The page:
As Microsoft and its partners get ready to hit the market with Windows-based tablets to compete with the iPad, my thoughts have turned to the all-important out-of-box experience (OOBE) that will create consumer’s first impressions of such products. Tablets are different from PCs in the way they are perceived, probably due to the lack of a keyboard. The first impression is formed by taking it out of the box, turning it on and tapping away on the screen. Windows-based tablets fail miserably in this regard, while every mobile OS-based tablet I’ve tried does a great job.
This is foremost on my mind as I received an unusual tablet today (to review) and the process to get it running to evaluate properly has taken me hours. I won’t identify the product here — that will be done in a proper review — and frankly, the frustration isn’t the fault of the product. The hair-pulling has been all thanks to getting Windows 7 going.
This tablet is rare in that it runs not only Windows 7, but also Android. It’s an older version of Android (1.6) and it’s not customized for a large screen like the one on the tablet, but that’s not a shortcoming in this instance because Android is a mobile OS designed to be used on touchscreen devices like this tablet. Getting operational was a simple matter of hitting the power button and selecting Android for the boot OS. The Android tablet was running in seconds, and pretty nicely at that.
Then came the Windows side of the device. I had to select Windows in the dual-boot screen that’s part of Windows 7, and it was a show-stopper. This is a tablet, and because the touchscreen wasn’t active prior to Windows actually running, and there’s no keyboard, the simple process of hitting an arrow key to select “Windows 7″ from the boot screen was impossible. Game over.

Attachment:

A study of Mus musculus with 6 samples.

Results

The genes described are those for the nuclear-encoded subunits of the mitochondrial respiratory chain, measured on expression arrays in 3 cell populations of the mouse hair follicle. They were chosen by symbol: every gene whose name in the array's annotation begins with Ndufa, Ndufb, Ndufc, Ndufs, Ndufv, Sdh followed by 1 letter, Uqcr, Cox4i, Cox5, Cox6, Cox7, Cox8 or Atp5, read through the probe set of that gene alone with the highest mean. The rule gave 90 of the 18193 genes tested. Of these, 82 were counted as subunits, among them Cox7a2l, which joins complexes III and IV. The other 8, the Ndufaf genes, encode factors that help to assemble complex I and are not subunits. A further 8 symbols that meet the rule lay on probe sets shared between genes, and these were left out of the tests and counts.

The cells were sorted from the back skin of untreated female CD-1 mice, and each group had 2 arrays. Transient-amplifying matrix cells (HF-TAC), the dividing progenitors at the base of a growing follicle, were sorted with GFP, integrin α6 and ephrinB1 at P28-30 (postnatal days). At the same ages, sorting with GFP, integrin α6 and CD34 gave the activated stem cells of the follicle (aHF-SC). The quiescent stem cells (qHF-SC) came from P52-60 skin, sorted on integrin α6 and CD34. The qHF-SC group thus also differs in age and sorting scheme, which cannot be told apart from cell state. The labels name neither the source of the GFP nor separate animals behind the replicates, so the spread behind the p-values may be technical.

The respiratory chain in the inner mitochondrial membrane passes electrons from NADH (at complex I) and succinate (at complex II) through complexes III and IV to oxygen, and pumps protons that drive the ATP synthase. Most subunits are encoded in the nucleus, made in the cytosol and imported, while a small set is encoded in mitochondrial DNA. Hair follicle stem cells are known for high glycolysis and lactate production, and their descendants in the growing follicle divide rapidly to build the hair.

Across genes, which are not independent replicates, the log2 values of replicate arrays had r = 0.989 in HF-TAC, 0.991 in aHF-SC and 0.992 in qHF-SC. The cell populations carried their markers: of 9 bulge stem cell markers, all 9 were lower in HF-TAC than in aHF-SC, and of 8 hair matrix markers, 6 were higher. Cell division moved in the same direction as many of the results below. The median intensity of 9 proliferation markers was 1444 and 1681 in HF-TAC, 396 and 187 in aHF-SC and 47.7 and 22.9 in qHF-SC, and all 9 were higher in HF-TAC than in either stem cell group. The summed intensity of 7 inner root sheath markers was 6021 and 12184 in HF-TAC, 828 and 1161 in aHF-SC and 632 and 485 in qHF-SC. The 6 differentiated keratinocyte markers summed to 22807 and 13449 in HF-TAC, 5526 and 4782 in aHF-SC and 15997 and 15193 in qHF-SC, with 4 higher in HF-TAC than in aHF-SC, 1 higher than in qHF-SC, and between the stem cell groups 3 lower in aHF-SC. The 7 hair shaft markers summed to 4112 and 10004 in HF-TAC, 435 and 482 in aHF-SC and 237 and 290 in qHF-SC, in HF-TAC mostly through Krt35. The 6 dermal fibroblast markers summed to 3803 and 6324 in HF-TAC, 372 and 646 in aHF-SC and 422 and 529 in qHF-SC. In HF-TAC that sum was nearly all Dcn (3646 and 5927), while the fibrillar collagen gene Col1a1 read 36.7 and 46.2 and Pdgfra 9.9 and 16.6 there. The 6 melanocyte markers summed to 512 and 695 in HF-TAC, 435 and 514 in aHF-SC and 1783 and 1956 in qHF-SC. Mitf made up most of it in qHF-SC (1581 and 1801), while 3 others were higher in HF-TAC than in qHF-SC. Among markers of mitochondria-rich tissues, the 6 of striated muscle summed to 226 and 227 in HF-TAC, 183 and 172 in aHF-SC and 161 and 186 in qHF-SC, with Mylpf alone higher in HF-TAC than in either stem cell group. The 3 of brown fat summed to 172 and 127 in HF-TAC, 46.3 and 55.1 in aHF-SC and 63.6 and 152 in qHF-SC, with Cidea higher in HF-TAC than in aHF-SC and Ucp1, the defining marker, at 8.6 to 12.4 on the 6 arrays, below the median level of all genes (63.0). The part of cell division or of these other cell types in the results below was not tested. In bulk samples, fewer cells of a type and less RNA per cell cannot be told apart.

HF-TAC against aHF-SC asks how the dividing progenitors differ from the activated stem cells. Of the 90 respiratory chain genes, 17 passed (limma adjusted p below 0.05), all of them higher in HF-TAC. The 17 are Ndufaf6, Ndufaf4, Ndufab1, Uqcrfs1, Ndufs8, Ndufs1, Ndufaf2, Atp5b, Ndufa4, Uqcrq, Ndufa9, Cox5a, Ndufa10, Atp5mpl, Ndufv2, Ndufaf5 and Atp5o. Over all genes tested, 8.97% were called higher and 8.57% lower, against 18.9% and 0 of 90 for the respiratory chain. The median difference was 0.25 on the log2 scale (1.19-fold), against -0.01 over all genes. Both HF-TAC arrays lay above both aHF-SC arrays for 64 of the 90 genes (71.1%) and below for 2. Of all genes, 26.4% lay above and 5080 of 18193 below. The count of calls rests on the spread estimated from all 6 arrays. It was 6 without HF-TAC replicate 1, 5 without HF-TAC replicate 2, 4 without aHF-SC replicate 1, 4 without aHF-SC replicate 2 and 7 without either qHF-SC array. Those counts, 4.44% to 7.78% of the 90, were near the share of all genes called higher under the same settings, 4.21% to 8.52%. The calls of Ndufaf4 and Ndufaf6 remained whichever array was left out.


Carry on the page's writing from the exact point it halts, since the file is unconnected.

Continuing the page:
I literally had to attach a physical keyboard just to hit an arrow key to select Windows as the active OS. How many consumers are going to go to that trouble? Those that do will then be faced with the next step, the time-consuming Windows Update process to get the brand-new tablet to the current version of the OS. That was the typical one-hour download and installation of (in this case) 56 OS updates to be current.
Then came the process of downloading and installing anti-virus software so the Windows tablet wouldn’t be exposed to the dangers of the web: another 15 minutes gone by. The setup process was complicated by the fact that some of the dialog boxes with instructions extended off the bottom of screen. I couldn’t tap “OK” to keep going at times, as the button wasn’t visible. I had to hide the Windows taskbar so the button was exposed.
The first boot on each platform was extremely telling: Android was less than 15 seconds; Windows 7 took almost two hours. These two scenarios were not unique to these platforms, and were performed on the same hardware. The tablet form is tailor-made for the mobile OS, and Windows just can’t compete with that.